The church on death row
LINCOLN, Neb. — Shackled at the waist, wrists and ankles, Carey…
LINCOLN, Neb. — Bill Hance was a reluctant convert to prison ministry.
The soft-spoken 80-year-old sits at a table outside his small office in an annex of the Lincoln Church of Christ. He leafs through a folder of notes as he gives a rundown of his weekly schedule — Bible studies every other Tuesday at LCC (Lincoln Correctional Center) for protected inmates, and what the state calls a Protestant worship service on the alternate Tuesdays.
Bible studies happen at the first of the month for the general population. It’s called prison fellowship. Baptisms are on Thursdays if requested in advance. Fridays are mostly for mailing Bibles to inmates.
Hance, who has served in prison ministry for three decades, never saw himself as the type of guy who would spread the Gospel behind bars — much less on Nebraska’s death row to “the vilest offenders who truly obey” to borrow words from an old hymn.
It all started with a belt.
Related: The church on death row
A native of Texas, Hance studied agriculture at Abilene Christian College (now Abilene Christian University) before moving to Washington to work for the Soil Conservation Service in the nation’s capital.
He worshiped with the Springfield Church of Christ in Virginia and served as the church’s curriculum director. He wrote Bible lessons at a desk next to the church’s donation closet.
“As people would get out of jail, people in the jail ministry would bring them by to get clothes,” Hance says, “but one thing people don’t tend to give away is belts.”
One day, Hance took off his own belt and gave it to a former inmate. That act made a huge impression, the jail ministry workers told Hance, so “I began to buy multiple belts — too big for me — and would punch an extra hole in them,” he says, chuckling. “I was a little thinner then.
“When people would come in and need a belt, why, I would take off my belt and give it to ‘em. I didn’t know if I was being hypocritical or not, but it seemed to make the right kind of impression.”
Hance and his family took a young parolee into their home — an experience that quickly turned negative. The young man got high from model glue in their home and took advantage of their hospitality.
“We learned real quick that, as we make ourselves vulnerable, we become vulnerable,” he says.
In 1985, the family moved to Nebraska and began worshiping with the Lincoln Church of Christ. About 15 members served in prison ministry and in 1987 invited Hance to accompany them to worship at one of the men’s dormitories. Despite his previous negative experience, he accepted the invitation.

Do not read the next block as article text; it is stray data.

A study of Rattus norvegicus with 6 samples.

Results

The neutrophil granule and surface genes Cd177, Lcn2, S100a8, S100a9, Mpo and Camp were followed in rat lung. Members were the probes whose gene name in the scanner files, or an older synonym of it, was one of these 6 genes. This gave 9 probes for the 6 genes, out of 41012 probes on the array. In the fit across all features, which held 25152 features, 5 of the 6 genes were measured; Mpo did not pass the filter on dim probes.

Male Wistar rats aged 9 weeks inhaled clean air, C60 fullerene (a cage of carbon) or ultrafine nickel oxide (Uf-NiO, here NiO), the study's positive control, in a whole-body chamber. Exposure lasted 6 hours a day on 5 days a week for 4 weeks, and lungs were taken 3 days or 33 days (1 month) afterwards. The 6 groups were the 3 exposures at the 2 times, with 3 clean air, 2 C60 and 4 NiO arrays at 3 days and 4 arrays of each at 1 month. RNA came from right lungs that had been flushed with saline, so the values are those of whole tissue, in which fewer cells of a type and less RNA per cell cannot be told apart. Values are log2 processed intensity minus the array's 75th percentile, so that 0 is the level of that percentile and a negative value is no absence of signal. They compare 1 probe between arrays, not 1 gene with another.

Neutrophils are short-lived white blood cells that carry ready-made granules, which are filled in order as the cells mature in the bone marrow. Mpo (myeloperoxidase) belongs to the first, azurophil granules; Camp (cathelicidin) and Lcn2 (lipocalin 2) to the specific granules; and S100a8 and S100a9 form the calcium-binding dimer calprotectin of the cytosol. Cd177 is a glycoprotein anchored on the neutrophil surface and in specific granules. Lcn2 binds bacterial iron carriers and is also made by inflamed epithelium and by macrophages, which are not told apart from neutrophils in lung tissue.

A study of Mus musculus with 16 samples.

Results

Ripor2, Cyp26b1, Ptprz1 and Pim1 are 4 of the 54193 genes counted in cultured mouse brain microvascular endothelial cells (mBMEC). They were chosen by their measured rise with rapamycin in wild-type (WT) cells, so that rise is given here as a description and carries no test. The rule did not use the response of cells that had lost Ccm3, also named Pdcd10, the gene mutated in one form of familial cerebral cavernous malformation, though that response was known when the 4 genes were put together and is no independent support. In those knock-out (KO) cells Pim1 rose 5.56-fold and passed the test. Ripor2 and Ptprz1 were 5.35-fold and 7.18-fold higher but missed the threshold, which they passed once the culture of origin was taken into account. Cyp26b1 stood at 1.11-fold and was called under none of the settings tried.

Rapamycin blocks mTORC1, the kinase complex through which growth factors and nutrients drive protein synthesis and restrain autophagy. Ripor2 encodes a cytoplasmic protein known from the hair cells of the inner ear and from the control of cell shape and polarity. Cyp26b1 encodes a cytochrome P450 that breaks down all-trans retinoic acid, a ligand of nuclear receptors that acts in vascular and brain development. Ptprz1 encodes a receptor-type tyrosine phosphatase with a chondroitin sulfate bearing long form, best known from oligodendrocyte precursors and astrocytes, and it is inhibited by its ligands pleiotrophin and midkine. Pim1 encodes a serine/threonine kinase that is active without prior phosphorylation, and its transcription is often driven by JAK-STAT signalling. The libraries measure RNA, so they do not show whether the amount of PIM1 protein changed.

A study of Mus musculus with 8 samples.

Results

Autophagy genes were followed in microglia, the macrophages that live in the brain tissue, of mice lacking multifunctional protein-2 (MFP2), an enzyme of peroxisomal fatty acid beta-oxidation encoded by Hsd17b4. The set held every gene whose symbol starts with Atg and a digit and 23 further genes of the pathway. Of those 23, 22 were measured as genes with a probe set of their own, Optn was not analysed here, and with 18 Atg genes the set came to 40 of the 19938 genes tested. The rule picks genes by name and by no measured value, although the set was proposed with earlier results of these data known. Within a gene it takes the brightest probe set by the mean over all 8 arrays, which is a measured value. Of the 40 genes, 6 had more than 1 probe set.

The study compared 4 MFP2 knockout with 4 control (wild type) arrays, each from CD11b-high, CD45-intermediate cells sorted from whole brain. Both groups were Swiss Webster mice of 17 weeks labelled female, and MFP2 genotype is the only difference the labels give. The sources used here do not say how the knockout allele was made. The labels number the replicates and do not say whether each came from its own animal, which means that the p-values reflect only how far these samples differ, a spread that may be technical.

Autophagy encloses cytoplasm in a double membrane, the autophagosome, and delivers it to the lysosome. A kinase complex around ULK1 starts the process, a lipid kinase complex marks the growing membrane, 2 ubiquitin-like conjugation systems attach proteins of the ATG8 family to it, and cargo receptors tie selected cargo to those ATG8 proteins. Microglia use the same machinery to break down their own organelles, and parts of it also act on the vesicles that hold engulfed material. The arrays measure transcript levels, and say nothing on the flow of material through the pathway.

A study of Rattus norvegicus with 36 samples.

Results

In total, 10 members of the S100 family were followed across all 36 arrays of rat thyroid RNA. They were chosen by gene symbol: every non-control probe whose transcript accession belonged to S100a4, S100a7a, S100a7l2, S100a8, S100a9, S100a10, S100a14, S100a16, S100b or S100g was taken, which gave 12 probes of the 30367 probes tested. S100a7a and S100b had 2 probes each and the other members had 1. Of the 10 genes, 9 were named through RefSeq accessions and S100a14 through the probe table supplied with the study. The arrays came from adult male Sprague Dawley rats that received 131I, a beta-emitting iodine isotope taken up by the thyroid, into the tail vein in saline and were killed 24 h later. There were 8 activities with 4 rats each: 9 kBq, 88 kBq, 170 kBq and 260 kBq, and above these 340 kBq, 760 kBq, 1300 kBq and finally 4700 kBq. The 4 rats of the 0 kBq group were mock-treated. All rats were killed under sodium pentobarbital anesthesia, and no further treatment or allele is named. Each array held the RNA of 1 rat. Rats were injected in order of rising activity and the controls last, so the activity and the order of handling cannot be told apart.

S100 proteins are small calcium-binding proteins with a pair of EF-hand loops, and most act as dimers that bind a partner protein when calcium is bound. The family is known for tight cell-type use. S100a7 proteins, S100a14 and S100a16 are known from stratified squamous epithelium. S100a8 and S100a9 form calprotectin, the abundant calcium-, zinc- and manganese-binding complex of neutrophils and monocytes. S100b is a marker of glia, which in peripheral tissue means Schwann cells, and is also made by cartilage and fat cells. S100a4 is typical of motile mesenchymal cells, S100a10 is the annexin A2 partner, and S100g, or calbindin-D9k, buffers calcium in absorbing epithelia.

“The big prayer is that when they get out that they’ll stay with the Lord, they’ll stay faithful.”
Soon Hance was in charge of outreach efforts at a different facility. He developed a curriculum for teaching inmates and took early retirement to work full time in prison ministry. He has served at facilities across the state — including the Tecumseh State Correctional Institution, which houses death row.
He has served as part of a prison chaplain fellowship, working with ministries from other Nebraska churches. In the past three decades he’s helped establish halfway house ministries and coordinated benevolence work for prisoners.
Some of the efforts have floundered, he says. Others have succeeded. Through it all, he’s kept members of the Lincoln Church of Christ active in prison ministry. From 270 to 290 inmates per year are baptized through the church’s efforts, Hance says, though he’s quick to give the credit to God.
Members of the Lincoln Church of Christ say that the faith they’ve seen behind bars has strengthened their own faith.
And the barrage of Bible questions they receive from inmates keeps them grounded in God’s Word.
“The thing that keeps me going is the letters they write,” says Winona Maxon, who sends 40 to 50 cards to inmates per month and helps coordinate the church’s Bible correspondence ministry. “They just are so thankful, so appreciative. We know we’re making a difference in their lives. The big prayer is that when they get out that they’ll stay with the Lord, they’ll stay faithful.”
The needs of the inmates — for mentoring and discipleship, during and after their sentences — is immense, Hance says.
“I wasn’t able to do it justice part time,” he says, “and I realized after I became full time that I still wasn’t. All I can do is all I can do.”
Hance is training Joe Stallard, a crane operator who plans to retire and serve as Hance’s successor.
Stallard says he’s been surprised and inspired by what he’s seen in the prisons he’s visited — especially Nebraska State Penitentiary, where Nebraska carries out its executions.
Built in 1869, the prison has a chapel at its heart. Visitors must go through multiple security measures to reach it.
“To get there, you have to want to be going there,” Stallard says. “When you leave the turnkey and are walking across the courtyard with a guard, these people just come walking out. They start singing praises to God and join us. They stop their singing every once in a while to greet each other.
“They sing hymns all the way to the chapel. You don’t see that out in the real world.”
“These are men that have a stronger purpose than just serving a prison sentence. They have a purpose for their life. They’re going somewhere.”